In the past, Bible translation was typically the work of small, closed groups of experts. Hindsight now reveals some significant weaknesses with this approach to translation.
A team of Bible translators would draft Scripture, and then bring the draft to the community. Through rounds of testing, they wanted to find out: Is the translation clear? Does it accurately convey the meaning of the original texts? And does it sound natural?
But because the draft was already semi-complete, community members could only participate in small ways, suggesting incremental changes to the draft here and there. Once the translation was finished, it was handed to the community for their use.
Crowdsource the Translation
But what if the translation process was opened up to full community participation from the start? Simply stated, the notion behind “crowdsourcing” is that a small group of experts can be smart about some things, but they can’t know everything. They also tend to think alike, so their ability to keep learning is rather limited. The group needs more minds.
Crowdsourcing is what Wikipedia does. When you open a process to a larger community of interested people, you end up with a far greater aggregation of diverse knowledge, insights, experience, and even areas of expertise that exceed the intelligence of the small, closed group of experts.
Diversity is the key: the larger the crowd (the community of participants), the smarter it becomes (see The Wisdom of Crowds).
Astounding Results From CrowdSeed Project
This year, The Seed Company, in collaboration with our partners in South Asia, conducted an experiment to see what would happen when a Bible translation project is opened to full community participation from the start.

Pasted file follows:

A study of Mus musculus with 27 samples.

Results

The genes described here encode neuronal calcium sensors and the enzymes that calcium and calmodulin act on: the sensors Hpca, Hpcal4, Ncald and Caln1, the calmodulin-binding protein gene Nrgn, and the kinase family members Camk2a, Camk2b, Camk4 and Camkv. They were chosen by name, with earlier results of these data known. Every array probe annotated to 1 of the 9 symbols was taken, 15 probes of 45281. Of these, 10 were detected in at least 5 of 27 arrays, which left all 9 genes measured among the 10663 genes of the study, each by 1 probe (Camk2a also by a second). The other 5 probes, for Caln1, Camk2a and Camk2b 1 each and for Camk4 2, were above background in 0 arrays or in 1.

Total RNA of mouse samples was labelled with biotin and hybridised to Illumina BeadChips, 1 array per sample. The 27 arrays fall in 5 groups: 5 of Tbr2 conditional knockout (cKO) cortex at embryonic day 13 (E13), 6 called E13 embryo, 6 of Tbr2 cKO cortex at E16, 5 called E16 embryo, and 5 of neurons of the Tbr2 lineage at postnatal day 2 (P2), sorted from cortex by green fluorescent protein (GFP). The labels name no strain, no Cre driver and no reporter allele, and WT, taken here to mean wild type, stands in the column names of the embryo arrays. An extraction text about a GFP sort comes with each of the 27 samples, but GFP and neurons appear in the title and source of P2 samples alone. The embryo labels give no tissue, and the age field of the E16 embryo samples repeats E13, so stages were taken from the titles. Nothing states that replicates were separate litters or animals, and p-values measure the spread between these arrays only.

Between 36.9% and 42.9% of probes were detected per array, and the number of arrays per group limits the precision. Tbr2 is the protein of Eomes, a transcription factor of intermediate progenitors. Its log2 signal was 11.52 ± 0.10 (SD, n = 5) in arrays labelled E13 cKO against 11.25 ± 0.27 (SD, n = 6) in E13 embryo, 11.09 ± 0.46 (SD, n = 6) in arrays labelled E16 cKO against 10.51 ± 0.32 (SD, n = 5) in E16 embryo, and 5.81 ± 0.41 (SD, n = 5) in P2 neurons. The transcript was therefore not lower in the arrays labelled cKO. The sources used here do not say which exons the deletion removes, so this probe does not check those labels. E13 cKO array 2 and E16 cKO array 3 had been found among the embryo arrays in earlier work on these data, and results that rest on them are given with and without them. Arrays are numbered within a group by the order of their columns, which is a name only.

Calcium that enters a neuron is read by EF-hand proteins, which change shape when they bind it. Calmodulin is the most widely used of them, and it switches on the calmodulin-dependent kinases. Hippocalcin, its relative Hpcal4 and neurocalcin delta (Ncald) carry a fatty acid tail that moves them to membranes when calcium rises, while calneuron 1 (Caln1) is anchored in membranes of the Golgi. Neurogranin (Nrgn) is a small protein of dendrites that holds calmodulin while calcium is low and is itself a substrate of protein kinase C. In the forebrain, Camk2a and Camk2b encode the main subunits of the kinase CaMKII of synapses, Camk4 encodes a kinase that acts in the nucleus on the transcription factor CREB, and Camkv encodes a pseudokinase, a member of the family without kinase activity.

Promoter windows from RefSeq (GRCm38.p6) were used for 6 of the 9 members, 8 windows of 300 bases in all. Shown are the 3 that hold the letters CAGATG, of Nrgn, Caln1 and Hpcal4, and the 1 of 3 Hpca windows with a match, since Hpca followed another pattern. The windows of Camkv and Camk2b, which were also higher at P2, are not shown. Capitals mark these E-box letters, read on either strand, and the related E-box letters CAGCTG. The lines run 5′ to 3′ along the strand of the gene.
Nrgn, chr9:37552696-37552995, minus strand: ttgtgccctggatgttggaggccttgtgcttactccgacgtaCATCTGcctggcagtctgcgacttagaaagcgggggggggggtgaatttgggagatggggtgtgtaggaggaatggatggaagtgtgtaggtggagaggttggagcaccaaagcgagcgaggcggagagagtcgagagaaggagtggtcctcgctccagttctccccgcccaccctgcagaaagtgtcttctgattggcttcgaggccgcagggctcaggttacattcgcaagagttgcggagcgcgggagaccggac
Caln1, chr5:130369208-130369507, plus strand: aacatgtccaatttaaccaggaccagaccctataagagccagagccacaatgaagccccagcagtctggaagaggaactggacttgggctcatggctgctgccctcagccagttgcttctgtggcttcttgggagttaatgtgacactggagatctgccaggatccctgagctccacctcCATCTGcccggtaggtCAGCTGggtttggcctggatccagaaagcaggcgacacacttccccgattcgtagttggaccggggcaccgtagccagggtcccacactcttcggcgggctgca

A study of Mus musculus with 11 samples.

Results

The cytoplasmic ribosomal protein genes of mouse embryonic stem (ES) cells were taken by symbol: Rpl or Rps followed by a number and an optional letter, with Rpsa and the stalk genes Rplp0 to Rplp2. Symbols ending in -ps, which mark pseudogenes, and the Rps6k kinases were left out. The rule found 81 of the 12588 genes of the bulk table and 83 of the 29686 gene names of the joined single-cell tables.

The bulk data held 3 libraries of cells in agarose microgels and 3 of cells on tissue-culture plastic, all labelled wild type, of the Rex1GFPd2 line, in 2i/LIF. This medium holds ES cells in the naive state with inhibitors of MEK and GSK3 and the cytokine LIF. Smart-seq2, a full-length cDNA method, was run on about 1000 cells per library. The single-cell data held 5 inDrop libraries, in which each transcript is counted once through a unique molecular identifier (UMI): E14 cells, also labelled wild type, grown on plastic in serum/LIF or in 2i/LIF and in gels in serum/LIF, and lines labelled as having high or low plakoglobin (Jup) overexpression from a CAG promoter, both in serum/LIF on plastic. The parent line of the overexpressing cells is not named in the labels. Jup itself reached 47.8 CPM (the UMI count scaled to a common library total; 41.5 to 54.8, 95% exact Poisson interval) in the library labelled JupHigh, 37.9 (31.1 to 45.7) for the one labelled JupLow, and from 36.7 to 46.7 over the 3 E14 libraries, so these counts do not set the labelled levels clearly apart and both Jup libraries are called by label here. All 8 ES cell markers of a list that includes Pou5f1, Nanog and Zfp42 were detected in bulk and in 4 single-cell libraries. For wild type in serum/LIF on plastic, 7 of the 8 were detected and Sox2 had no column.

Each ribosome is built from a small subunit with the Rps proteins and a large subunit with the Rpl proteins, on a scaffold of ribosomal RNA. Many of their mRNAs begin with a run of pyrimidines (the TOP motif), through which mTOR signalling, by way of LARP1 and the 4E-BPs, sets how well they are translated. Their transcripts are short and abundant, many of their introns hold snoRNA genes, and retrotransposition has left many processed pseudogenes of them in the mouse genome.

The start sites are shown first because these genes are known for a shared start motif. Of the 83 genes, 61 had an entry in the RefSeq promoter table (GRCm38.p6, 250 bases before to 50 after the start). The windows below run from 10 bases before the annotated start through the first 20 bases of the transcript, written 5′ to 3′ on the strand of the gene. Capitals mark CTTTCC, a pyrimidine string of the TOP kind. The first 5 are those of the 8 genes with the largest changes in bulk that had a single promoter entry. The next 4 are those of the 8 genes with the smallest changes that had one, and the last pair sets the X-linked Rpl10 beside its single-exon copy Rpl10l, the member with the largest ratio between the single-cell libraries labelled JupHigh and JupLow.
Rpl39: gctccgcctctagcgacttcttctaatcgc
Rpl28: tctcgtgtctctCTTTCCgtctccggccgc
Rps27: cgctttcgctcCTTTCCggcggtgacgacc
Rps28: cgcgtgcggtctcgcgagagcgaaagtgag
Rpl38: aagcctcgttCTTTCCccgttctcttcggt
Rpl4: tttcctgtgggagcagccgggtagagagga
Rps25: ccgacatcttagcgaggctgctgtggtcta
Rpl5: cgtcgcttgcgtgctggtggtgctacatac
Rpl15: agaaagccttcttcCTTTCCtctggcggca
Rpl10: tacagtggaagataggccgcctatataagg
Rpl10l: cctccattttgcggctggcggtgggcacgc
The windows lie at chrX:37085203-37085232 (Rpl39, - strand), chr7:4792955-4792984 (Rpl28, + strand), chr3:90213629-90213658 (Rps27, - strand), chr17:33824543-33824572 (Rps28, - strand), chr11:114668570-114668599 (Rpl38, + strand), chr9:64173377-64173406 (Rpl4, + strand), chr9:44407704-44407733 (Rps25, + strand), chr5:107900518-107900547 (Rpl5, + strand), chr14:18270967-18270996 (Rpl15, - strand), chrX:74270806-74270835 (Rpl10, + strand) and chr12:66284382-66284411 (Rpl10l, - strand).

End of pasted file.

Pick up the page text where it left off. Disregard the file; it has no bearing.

The results were astounding. Within months, over 3,000 people participated via their own custom-designed Web site where the translation work resides. About 78 people were confirmed by the community as quality drafters. Over 100,000 votes were cast, answering essentially the same questions: Is the translation clear? Does it accurately convey the meaning of the original texts? And does it sound natural?
All segments of the community participated. Significantly, women and youth were able to participate, adding their perspectives which are typically missing because of cultural constraints. Non-literate people were able to participate because the people chose to work in groups. People from seven regions, across denominational boundaries, worked together with surprising unity and harmony. And most importantly of all, they view the translation work as their own from the very start, and it is already making an impact in their community in ways we could not have guessed.
Next Step: Confirming Accuracy of the Translation
Now, we’re working with experienced consultants to confirm accuracy of the translation. It should be much easier given the rich and intelligent involvement of the crowd.
If you were invited to participate in a new, crowdsourced revision of an English translation, or in whatever language you read, would you join? Why or why not?
Crowd photos in images courtesy of Bayhaus and Anirudh Koul on Flikr.